Saturday, September 1, 2012
Be Not Afraid
I was thinking that I would write an entry about the conclusion (thanks be to God!) of the Republican Convention in Tampa. But given that I purposely avoided much of it, and there are many others out there doing the analysis of who exactly was sitting in that empty chair that Clint Eastwood was addressing, I thought I would stick to commenting on something more interesting, and hopeful, for the future dialogue in this country.
Straight for Equality, the LGBT ally project of PFLAG, has published a short booklet called, "Be Not Afraid...help is on the way." The publication is meant to help those who are friends and family members of LGBT people open a dialogue about gay people and equality issues within their faith communities. I received my package of 25 of these booklets yesterday, and read through the booklet today. It acknowledges that allies are on their own journeys which aren't always moving at the same speed, and assures everyone that--in the words of Buckaroo Banzai--no matter where you go, there you are. And with each step, an ally can become a powerful and important advocate for their LGBT family and friends...and it doesn't require marching in a parade or waving a rainbow flag.
There are also short testimonies from allies and gay people of faith about the struggles they've been through and witnessed within their congregations. As I read some of these stories, I was reminded of the media attention given to the Westboro Baptist Church every time they show up to protest with their "God Hates Fags" signs. Fred Phelps and his band of followers have for some become the face of Christianity, whether we want them to be that or not. That "God Hates Fags" sign, and the many variations on that theme, are what many LGBT people have internalized as what all Christians think and believe about them. End result: gay people make assumptions about anyone wearing a religious symbol around their necks, and will avoid such people like the plague. Time for an ally intervention! There are many stories in the book about an ally...sometimes the minister or rabbi...doing something as simple as being kind to the LGBT person during the service or inviting him or her to take part in the Holy Eucharist, probably the deepest bond that can occur in the context of a Christian service. Such simple acts of kindness presents a much more loving, supportive, and friendly face of God to the stranger. And each of those stories in the booklet is punctuated with the gay person saying, "That made such a difference for me."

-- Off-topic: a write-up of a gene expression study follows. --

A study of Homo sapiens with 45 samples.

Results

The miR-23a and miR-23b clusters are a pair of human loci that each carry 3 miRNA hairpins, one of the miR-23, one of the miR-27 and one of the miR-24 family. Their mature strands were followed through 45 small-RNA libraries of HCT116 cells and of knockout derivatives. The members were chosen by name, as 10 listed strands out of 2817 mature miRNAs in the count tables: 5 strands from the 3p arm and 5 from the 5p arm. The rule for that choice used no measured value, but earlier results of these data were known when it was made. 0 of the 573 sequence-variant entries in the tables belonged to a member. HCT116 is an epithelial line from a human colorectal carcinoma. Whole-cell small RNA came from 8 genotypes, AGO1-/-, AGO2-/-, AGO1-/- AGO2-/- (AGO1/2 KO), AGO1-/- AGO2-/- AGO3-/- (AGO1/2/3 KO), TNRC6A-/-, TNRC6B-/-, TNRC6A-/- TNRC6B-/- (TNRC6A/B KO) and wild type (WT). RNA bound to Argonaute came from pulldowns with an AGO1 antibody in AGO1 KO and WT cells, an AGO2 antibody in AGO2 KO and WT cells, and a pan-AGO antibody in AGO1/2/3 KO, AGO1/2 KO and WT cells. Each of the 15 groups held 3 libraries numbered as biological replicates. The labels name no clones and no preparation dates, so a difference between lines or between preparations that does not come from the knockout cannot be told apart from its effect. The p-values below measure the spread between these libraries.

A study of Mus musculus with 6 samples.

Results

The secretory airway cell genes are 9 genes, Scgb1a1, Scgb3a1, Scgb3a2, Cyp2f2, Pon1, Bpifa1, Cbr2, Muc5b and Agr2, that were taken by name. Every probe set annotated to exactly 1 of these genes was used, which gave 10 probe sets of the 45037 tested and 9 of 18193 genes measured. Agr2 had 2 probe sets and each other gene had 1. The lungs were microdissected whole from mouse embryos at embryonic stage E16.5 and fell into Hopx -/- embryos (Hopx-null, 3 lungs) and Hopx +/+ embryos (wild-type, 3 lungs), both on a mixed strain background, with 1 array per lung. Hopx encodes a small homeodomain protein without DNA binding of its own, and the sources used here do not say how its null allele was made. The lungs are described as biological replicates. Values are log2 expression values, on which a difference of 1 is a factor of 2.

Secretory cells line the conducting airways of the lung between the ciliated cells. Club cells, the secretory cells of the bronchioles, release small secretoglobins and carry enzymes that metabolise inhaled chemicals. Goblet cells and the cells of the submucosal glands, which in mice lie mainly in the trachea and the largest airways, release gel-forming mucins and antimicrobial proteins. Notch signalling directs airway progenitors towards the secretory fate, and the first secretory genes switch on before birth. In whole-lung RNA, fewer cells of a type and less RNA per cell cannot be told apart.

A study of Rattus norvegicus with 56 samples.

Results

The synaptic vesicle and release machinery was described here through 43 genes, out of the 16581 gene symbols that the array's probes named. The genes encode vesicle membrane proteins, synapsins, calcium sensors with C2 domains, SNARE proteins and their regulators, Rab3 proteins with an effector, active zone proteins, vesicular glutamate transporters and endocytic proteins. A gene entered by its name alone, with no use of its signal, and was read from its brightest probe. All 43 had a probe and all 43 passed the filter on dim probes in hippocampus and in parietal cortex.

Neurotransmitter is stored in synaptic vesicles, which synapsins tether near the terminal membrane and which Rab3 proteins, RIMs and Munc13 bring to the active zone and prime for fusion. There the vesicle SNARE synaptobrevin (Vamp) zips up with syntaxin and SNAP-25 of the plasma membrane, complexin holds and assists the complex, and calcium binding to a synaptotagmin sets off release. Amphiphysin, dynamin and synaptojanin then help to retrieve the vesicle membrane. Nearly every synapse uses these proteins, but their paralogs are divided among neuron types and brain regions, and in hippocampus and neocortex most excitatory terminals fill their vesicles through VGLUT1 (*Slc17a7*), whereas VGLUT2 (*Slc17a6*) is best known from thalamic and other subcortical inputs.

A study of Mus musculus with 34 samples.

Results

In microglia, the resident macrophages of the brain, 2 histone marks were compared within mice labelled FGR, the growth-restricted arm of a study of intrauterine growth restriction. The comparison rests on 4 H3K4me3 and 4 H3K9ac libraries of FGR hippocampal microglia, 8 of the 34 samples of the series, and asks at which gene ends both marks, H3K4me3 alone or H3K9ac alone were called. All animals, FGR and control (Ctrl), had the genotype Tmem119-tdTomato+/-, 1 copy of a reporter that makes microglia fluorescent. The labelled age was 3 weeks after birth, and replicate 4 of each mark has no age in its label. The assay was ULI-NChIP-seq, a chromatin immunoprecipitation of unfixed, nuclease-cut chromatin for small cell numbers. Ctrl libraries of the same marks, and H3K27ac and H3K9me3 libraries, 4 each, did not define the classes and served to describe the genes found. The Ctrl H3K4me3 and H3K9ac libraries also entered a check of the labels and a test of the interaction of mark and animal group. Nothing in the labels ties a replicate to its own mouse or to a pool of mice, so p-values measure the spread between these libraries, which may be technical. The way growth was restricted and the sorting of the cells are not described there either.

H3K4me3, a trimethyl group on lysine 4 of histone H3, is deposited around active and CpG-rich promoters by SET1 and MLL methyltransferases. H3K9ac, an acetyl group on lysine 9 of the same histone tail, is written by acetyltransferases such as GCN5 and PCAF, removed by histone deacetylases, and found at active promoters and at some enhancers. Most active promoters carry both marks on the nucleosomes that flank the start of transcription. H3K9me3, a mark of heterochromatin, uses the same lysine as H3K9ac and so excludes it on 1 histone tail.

This all goes back to the gospel lesson that is in Mark where the disciples are eating with their unwashed hands causing a stir. As Jesus noted for the crowds,"There is nothing outside a person that going in can defile, but the things that come out are what defile." A gay person in the church, in the pew or pulpit, or a lesbian couple getting married, does not and should not cause a problem. Yet there are some who will insist that while they don't hate individual LGBT people, they don't approve of our relationships. It's the whole 'Love the sinner, but not the sin' mentality which doesn't spare that LGBT person the pain of a rebuke of their personhood. For most LGBT people of faith, one of the biggest personal hurdles they can face is people telling them that if they have a relationship, they are committing a sin. What a terrible thing to turn love into a sin. And what could be happening in the heart of a person who says to another that the other person is committing a sin by falling in love? No doubt, allies and gay people alike, will run into this kind of thinking as they engage others in their faith communities about LGBT rights.
The key, as I see it, to dealing with this mentality is not to get into an argument. That will only harden both your hearts. The real key is to hear what that person is saying, and remember this lesson of Jesus' from Mark. Their demand that gay people be celibate in order to be acceptable does not reflect God's expansive love. It is more a reflection of their own discomfort with love and sexual intimacy. What can be done about that? Well, besides acknowledging what they've said, and refusing to agree with that position, the only other response is to say your own prayer for that person. Pray that God will be present with you and them in this place. Have compassion for whatever their fears are about relationships and sexual intimacy. And remember it is what comes out of the mouth that defiles and betrays the fears they are harboring in their heart.
We, however, do not need to be afraid. LGBT people of faith, and their allies within religious institutions, know the love and liberation that comes to us from God's grace. Now more than ever is the time for allies of LGBT people and LGBT people of faith to speak up and engage the rest of their religious communities in this dialogue about our equal place in the kingdom, and the importance of outreach to those who have been injured by religion. True religion is Love. It's time for our voices sounding that message to be heard.